Network Cables

A network cable is a specialised wire used for the electrical transmission of digital data. The cable connects computers together to form a data communication network. The cable and the data closely follow Ethernet specifications and standards. The category number defines the type of cable. CAT5 and CAT6 are the most widely used in modern computer networks.

Types / Categories

CAT5 (currently CAT5e) and CAT6 (currently CAT6a) are the most commonly found and used cables. Also known as 1000Base-T, they follow the IEEE 802.3ab specifications. Ideal for building gigabit networks, they have a maximum speed of 1000 Mbps, and a distance limitation of 100 m. This length limit is from the router to the computer.


Category 6a, also known as Augmented CAT6 cable, exceeds the 10 Gigabit requirements by doubling the operating frequency to 500 MHz. It has a distance limitation of 100 m.


Category 7 specification meets and exceeds the 10 Gigabit requirements. It consists of four pairs of wires rated to operate at a maximum frequency of 600 MHz over a maximum distance of 100 m.

Due to the high frequency of operation, individual shielding of each pair is required to eliminate internal crosstalk. There is also an additional foil shield over the cable.


If you were to be building an internet connection from your router to the computer, then you could use either of these cables.

For internet speeds less than 1 Gbps, CAT5e cable would be sufficient. For speeds less than 10 Gbps, CAT6a cable would be sufficient.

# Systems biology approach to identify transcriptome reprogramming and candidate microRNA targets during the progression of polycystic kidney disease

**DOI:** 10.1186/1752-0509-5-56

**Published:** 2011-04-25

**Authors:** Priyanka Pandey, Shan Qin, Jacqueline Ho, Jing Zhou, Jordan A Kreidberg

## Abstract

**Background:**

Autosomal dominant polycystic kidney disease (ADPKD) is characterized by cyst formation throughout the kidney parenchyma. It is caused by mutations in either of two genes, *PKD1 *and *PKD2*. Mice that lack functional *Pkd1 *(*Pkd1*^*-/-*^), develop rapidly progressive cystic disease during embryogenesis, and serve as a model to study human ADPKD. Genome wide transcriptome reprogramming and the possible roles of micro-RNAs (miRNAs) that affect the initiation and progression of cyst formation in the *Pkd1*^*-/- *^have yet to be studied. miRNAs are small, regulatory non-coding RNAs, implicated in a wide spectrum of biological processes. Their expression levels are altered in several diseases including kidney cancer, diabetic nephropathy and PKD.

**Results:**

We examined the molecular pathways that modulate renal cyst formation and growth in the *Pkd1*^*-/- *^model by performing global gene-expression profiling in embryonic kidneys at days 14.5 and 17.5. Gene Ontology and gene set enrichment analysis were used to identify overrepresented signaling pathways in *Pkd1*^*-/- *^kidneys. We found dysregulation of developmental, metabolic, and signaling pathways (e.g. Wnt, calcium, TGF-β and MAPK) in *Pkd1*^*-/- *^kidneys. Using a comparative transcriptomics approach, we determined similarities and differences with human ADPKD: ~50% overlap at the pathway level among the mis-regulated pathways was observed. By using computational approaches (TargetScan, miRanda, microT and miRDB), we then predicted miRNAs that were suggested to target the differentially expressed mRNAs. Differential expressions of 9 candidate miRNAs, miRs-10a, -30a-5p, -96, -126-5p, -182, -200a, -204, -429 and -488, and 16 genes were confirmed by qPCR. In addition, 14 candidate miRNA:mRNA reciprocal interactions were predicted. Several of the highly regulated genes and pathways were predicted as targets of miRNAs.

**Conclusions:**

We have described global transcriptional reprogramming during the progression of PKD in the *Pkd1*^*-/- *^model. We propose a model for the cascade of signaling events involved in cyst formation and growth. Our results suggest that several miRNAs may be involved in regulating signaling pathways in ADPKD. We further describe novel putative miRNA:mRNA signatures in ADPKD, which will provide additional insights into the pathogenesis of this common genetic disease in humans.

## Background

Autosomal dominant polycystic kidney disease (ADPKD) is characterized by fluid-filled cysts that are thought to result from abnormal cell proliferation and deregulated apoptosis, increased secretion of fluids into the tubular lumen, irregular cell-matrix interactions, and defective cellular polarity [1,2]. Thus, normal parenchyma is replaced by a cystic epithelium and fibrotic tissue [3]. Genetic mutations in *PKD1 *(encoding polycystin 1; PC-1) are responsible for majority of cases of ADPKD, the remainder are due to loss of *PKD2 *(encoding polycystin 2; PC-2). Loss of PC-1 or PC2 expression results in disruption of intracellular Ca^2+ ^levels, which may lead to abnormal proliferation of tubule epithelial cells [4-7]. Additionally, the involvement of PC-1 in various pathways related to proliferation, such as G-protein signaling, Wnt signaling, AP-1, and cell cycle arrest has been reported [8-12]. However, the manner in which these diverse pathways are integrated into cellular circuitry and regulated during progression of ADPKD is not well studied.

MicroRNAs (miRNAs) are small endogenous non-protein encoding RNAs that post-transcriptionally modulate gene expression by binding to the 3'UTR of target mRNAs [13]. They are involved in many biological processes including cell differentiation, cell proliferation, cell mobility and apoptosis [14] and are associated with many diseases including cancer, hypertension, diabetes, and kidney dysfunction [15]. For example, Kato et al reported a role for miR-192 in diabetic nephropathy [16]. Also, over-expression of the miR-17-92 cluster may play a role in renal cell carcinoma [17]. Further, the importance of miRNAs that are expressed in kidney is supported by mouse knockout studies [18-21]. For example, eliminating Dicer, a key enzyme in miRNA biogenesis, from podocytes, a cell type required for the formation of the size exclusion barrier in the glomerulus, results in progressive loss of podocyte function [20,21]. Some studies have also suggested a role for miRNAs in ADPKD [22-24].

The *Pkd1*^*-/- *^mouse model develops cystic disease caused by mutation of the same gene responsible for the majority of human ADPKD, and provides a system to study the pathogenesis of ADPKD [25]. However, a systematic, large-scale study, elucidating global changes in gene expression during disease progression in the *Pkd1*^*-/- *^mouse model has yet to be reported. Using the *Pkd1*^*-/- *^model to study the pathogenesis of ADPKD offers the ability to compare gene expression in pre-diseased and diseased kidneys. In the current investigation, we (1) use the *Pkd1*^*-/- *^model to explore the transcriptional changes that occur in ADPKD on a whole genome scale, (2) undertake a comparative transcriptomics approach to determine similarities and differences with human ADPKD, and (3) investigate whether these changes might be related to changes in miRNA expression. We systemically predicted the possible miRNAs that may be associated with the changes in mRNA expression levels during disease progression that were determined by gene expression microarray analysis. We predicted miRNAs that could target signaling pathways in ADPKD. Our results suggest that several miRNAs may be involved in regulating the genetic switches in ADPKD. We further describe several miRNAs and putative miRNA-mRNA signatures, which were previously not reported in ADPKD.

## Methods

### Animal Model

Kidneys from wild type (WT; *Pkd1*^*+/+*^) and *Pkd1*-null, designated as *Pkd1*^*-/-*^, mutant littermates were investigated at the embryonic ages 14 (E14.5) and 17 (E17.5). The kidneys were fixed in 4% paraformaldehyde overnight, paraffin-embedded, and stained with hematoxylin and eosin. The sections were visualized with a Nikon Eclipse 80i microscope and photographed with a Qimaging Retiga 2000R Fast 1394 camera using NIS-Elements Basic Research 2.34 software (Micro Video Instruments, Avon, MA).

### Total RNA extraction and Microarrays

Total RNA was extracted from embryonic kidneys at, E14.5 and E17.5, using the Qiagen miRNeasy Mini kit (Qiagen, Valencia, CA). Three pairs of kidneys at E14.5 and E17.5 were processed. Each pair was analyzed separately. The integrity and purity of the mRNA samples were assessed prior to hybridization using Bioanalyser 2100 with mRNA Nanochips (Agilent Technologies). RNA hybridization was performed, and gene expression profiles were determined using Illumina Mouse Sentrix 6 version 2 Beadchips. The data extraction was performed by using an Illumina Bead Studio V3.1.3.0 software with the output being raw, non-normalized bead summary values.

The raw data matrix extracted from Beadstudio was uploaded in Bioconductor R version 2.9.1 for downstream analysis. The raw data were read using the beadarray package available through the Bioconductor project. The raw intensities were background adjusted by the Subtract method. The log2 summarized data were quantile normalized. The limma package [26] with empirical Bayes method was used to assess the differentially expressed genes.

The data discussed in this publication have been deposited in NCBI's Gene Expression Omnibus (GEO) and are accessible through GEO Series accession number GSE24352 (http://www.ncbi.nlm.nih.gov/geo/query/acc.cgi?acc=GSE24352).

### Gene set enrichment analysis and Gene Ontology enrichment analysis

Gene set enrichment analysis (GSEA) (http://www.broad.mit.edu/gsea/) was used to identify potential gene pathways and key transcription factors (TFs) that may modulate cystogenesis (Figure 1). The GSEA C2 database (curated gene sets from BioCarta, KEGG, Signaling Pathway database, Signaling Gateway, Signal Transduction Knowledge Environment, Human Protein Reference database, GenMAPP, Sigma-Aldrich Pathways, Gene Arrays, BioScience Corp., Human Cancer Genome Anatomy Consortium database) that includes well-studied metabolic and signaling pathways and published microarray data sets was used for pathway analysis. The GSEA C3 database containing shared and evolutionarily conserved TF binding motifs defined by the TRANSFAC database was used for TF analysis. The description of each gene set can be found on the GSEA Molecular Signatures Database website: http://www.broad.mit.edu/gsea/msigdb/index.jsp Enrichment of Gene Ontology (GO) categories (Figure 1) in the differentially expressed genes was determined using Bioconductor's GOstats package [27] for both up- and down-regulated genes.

CAT5e, CAT6a, and CAT7 cables connect computers to a hub less than 100 m apart.

Stranded vs. Solid Core

Use solid core cable when running long lengths of wire from the hub or patch panel, to the wall socket. For short lengths such as patching cable that connects the PC to the wall socket, use stranded core.

If you are using solid core wire, you should use the Insulation Displacement Connector (IDC) socket for a good reliable connection. For the stranded core you should use the Insulation Piercing Connector (IPC) socket.

Shielded and Unshielded

The most commonly used wire is U/UTP, which has no shielding and is therefore very cheap. The most commonly used shielded wire is U/FTP, which has an outer foil shield.

A shielded wire is obviously more reliable as the metal shield blocks electromagnetic noise, and helps to prevent data signal corruption.

Shielding individual pairs of wires within the network cable eliminates internal crosstalk. An outer cable shield blocks electromagnetic noise entering the cable from outside. There are also combinations of the two schemes.

An outer shielded cable has a metal foil layer and a special un-insulated grounding wire called the 'drain'.

Plenum Rated Cable

If you are installing cable for the home or office use, you should first check the fire regulation section of the building code, and your insurance policy coverage with reference to cable types and usage.

Plenum rated cables are slower to burn and produces less smoke than standard ordinary cables that are made of PVC. Many offices and buildings have a legal requirement that only plenum cable may be used.